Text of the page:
God and the blackbirds
Every day we feed the blackbirds in our garden. They are there each morning on the lawn, awaiting their daily meal of an apple. I cut the apple in two, open the door and begin to step outside. The blackbirds take flight.
I know this is how it all works. I put the apple halves on the grass and close the door. After a minute or two the blackbirds are there, taking their fill of the fruit prepared for them.
Why do the blackbirds take flight? Don’t they know we are the ones who feed them? Don’t they realise that when their young come I will keep a wary eye out to protect them from the local cats? And still, when I open the door they fly away.
I understand this is how it has to be. They have an inbuilt flight mechanism, triggered by movement, and built over generations to protect them from harm. I wish them only good, but still, they move away.
In another moment I am standing still by our garden pond. A blackbird comes down the water to take a drink. Then she begins to wash, using her wings to splash water over her. She comes right up to where I am – no more than a foot away. There she begins to preen her feathers with her beak and shake her wings dry. The closeness is all on her terms and I understand this. I must stay still not to disturb her. Refreshed and clean she flies away in the time she chooses.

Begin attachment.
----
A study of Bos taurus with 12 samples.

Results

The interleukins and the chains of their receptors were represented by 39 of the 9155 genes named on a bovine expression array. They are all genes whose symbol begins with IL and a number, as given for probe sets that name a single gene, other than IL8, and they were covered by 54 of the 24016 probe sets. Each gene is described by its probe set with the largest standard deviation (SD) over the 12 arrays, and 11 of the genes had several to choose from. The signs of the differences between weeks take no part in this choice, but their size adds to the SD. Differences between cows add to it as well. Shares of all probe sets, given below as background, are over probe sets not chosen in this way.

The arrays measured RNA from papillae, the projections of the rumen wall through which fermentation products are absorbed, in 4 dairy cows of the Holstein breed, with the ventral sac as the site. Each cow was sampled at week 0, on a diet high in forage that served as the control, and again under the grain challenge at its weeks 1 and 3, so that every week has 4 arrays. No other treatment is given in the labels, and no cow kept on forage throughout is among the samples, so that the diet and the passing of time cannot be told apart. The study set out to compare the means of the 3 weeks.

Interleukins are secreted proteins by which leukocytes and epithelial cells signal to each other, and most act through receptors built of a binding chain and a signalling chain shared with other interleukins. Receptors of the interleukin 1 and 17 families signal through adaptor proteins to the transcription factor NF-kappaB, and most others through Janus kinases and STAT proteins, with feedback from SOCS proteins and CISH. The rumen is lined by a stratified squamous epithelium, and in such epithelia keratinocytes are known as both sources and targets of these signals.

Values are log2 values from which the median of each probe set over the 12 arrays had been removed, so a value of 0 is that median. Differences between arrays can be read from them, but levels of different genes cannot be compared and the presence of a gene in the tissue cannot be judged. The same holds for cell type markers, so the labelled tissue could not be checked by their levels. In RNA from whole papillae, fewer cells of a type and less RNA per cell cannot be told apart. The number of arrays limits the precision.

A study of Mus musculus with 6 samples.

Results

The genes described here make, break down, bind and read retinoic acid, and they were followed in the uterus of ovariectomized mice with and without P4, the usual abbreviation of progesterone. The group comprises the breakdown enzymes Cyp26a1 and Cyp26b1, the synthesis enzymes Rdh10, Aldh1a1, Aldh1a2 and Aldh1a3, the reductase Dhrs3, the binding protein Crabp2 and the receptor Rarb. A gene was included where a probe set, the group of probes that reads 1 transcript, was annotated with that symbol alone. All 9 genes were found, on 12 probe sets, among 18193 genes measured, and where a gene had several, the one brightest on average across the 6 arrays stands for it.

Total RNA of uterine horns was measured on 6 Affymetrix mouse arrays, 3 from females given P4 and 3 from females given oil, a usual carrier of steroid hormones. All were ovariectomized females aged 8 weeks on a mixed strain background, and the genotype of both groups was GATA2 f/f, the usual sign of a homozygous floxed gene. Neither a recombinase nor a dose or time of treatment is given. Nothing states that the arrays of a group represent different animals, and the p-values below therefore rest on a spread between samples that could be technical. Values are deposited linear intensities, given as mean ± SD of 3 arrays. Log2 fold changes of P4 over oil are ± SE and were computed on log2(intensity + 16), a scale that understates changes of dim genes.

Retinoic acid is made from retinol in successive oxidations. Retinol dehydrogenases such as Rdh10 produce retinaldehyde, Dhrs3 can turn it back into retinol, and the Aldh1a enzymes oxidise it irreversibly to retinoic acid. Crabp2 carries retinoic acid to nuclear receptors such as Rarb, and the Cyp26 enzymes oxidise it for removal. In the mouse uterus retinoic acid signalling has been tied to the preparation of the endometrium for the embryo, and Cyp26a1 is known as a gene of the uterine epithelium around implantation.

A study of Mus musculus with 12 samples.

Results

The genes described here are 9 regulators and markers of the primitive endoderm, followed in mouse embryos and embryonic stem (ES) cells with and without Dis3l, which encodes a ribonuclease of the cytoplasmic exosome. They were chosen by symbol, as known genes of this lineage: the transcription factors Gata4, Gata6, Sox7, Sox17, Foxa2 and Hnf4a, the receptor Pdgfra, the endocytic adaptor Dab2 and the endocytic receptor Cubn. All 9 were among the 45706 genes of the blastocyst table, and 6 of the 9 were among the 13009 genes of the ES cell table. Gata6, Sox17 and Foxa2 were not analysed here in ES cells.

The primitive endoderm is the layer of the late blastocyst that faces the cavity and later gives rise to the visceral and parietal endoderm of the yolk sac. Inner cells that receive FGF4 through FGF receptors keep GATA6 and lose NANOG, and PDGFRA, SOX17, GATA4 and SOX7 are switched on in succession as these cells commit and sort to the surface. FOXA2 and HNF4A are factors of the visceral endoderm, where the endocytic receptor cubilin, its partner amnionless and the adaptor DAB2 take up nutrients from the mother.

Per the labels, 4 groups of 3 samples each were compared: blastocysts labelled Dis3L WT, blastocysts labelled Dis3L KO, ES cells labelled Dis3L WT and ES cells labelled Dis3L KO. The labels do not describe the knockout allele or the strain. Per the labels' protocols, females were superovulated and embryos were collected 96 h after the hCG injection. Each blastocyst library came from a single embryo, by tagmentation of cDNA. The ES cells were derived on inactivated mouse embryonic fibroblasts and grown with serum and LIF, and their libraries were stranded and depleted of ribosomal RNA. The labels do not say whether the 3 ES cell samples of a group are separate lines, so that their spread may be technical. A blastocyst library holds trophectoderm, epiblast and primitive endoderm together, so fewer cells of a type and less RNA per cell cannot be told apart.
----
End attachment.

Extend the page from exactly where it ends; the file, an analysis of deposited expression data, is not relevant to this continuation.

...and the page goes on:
I recognise how – like the blackbirds – it is hard to trust. In their flight I see reflected all the times I have turned away from God’s invitation to me. I see it in others too. Yet God understands this is how it will be – for now – at least. We are not yet free of fear. Some of us have known harm in our past, and learnt to be on the alert, and fly at the first hint of danger. Unsurprisingly, we hesitate to put too much trust in God when she draws near, or trust her when she invites us to let go and find rest.
Yet God persists in putting out the apple, day upon day, and allows us to move away to where we feel more comfortable.
Until a day comes when it feels just right to draw close – and the fear, and the past harm begins to slip away.
I will go on putting out the apples without asking or expecting any more...delighting in their company when they choose to draw near.
Could God be like this: so generous, patient and persistent? Is that other God of demand and fear a projection of all that is wounded and wounding in humankind? What might happen if we dared – in spite of our fears – to act as if it were so?